Fat or thin, in rehab or out, America loves Elizabeth Taylor.
The actress was the subject of a two-hour lovefest as she received the America's Hope Award at a black-tie gala at the McCallum Theatre for the Performing Arts at the Bob Hope Cultural Center Thursday night.
It was a more zaftig Taylor who appeared at the tribute, a fund-raiser celebrating the theater's first anniversary that drew a respectable celebrity crowd to this desert resort. La Liz appeared in a low-cut black dress with cleavage-to-spare and a tenty sequined black coat. Her hair puffed out in a punky spiked do, and impressive jewels dripped off her ears and from her throat.
The paparazzi were out, as were hundreds of fans who lined up against the chain-link fences that surrounded the theater to catch a glimpse of Dr. Ruth Westheimer, Palm Springs Mayor Sonny Bono, Bob Hope and others. No one got a chance to see Taylor before the show, as she was escorted to another entrance. This was one of few public appearances the actress has made in the last several months since being plagued by back problems and tabloid headlines about a re-addiction to pain killers.
Place of Honor
Inside the theater Taylor had the best seat in the house in a flower-bedecked box with pal Malcolm Forbes, Bob and Dolores Hope and Betty and Gerald Ford.
She gallantly sat through the show (taped and edited down to air March 9 on ABC), which included a few technical glitches among the film clips and tributes by Carol Burnett and Dudley Moore (who sang a number with thinly veiled references to Taylor's weight and addiction problems), Robert Stack, Charles Bronson, June Allyson, Beau Bridges, Kenny Rogers, Stevie Wonder, Ann Miller, Mickey Rooney, Burt Bacharach and Carole Bayer Sager, Taylor's son Michael Wilding and others.
The award, given for Taylor's work with AIDS groups and other organizations, wasn't the only present she went home with. She also received a collie puppy from Bronson (a belated memento from her 1943 film "Lassie Come Home") and driving lessons, a leather jacket and a radar detector from Forbes, who drove on stage astride Taylor's purple Harley-Davidson.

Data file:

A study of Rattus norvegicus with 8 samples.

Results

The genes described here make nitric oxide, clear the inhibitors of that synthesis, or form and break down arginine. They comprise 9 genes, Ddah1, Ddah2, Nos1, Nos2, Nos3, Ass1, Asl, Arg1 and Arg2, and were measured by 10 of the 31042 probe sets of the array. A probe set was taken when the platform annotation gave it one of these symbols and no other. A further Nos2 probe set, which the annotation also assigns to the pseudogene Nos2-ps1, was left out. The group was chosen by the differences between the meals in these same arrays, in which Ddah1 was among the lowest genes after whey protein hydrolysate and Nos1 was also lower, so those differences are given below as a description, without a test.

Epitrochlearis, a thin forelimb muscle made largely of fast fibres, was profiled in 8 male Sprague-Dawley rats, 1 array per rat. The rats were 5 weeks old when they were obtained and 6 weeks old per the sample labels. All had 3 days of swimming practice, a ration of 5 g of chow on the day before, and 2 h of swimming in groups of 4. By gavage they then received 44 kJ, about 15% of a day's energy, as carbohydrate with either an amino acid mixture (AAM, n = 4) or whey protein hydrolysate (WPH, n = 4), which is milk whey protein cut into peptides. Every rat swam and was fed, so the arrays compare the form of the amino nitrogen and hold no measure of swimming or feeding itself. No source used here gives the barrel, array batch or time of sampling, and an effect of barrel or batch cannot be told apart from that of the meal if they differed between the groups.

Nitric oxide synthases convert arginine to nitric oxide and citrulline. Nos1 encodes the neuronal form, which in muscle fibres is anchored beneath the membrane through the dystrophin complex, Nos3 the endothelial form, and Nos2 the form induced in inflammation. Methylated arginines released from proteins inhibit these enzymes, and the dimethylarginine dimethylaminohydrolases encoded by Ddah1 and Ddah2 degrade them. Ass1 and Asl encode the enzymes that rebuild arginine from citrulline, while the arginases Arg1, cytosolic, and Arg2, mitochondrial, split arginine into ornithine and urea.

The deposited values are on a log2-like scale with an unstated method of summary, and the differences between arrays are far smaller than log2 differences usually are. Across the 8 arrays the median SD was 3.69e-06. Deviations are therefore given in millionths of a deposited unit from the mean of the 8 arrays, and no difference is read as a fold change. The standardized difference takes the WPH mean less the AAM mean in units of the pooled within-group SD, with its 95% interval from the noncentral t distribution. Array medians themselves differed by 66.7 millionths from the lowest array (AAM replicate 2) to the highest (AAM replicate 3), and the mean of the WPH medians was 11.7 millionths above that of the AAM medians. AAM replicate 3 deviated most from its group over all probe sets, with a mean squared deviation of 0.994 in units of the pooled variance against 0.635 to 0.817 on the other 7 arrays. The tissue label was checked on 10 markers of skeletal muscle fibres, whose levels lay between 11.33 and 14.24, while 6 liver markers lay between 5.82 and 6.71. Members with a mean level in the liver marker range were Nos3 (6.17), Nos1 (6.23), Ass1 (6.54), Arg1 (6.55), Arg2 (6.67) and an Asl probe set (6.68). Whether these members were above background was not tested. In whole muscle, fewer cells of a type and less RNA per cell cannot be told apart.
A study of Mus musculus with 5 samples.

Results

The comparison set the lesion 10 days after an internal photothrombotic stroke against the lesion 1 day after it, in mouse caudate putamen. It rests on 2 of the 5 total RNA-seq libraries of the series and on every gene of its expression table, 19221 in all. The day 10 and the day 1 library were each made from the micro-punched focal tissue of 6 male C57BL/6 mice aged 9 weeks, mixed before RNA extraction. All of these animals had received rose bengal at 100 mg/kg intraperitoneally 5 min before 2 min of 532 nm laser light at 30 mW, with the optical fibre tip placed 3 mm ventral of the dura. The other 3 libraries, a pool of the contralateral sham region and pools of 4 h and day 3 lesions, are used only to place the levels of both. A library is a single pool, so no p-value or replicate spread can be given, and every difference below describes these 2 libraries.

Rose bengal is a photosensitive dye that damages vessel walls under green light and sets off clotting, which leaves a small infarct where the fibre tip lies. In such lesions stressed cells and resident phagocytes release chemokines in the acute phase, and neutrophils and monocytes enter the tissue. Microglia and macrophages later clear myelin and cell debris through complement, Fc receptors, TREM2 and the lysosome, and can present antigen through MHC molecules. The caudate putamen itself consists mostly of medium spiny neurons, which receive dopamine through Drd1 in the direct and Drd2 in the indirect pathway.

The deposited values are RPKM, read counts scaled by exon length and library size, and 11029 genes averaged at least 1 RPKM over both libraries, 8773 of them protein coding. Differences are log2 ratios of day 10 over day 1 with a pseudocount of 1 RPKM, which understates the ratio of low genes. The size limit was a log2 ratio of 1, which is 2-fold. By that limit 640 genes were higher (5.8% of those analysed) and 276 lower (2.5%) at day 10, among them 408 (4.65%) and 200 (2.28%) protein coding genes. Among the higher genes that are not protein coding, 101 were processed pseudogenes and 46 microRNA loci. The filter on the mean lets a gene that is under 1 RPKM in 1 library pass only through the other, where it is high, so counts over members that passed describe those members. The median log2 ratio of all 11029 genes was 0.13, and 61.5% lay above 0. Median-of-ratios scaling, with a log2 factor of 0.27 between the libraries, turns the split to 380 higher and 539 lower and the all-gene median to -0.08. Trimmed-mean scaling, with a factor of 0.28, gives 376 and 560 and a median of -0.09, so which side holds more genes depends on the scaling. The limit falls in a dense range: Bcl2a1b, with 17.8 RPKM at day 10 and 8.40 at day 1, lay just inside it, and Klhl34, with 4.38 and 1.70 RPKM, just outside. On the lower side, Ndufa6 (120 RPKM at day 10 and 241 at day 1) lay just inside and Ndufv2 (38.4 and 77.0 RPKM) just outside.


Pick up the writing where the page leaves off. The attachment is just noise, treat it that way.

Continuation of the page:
In her acceptance speech the actress told of fracturing her back last summer and learning to live with it. Trouper that she is, she added, "I'm fine now."
Half an hour later Taylor and entourage arrived at the Vintage Club for a post-gala dinner-dance for $2,500-ticket holders. Looking regal but walking with some stiffness, she and Forbes sat down to salad, chicken breast en croute and sorbet and berries.
"I thought it was an excellent tribute to a great, great star," said Gerald Ford in a most presidential voice. "This is the second year (a tribute has been done) and the theater's been a tremendous asset to the desert. Betty and I buy season tickets for two or three of the series. I went to see the tap dance performance. That's my style."
The dinner crowd was somewhat subdued (despite some jitterbugging on the dance floor), and several tables were partially empty. (Bob and Dolores Hope were no-shows; gala producer Greg Willenborg explained that Hope had to board a plane immediately for an engagement in Florida.)
"Elizabeth has gone through a rough year," said Carole Bayer Sager, who is a veteran of many Taylor tributes. "But it's particularly nice to see her this happy. She said she enjoyed the show, and I would assume that the evening touched her very much. It was really an evening of love. She's so real , Elizabeth."
Willenborg praised Taylor for "showing us that life is not something to be fearful of. She's really open--when she had problems she let us hear about them. Before Betty Ford and she spoke out about it, substance abuse was something that was never talked about."
Other guests were impressed with the turnout and optimistic about seeing the McCallum Theatre's financial status go from red to black soon.
"It was easy (to garner support) because it's such a small type community as far as raising funds," said Robin Ceriale, on the fund-raising committee for the theater. "I've never seen anything like this. People don't even care who (the names) are. It's the charity."
"And I think there's more competition for charity money here per capita," added Ardith Marguleas, also on the committee and a founding member of the theater. "This week there are 10 different fund-raising events going on."
"Our season is very short," said Ceriale. "It's fast, it's furious, and it works."
It was midnight when the party finally broke up. Guests made their way back to their cars and limos--Elizabeth Taylor's Passion perfume and table centerpieces in hand.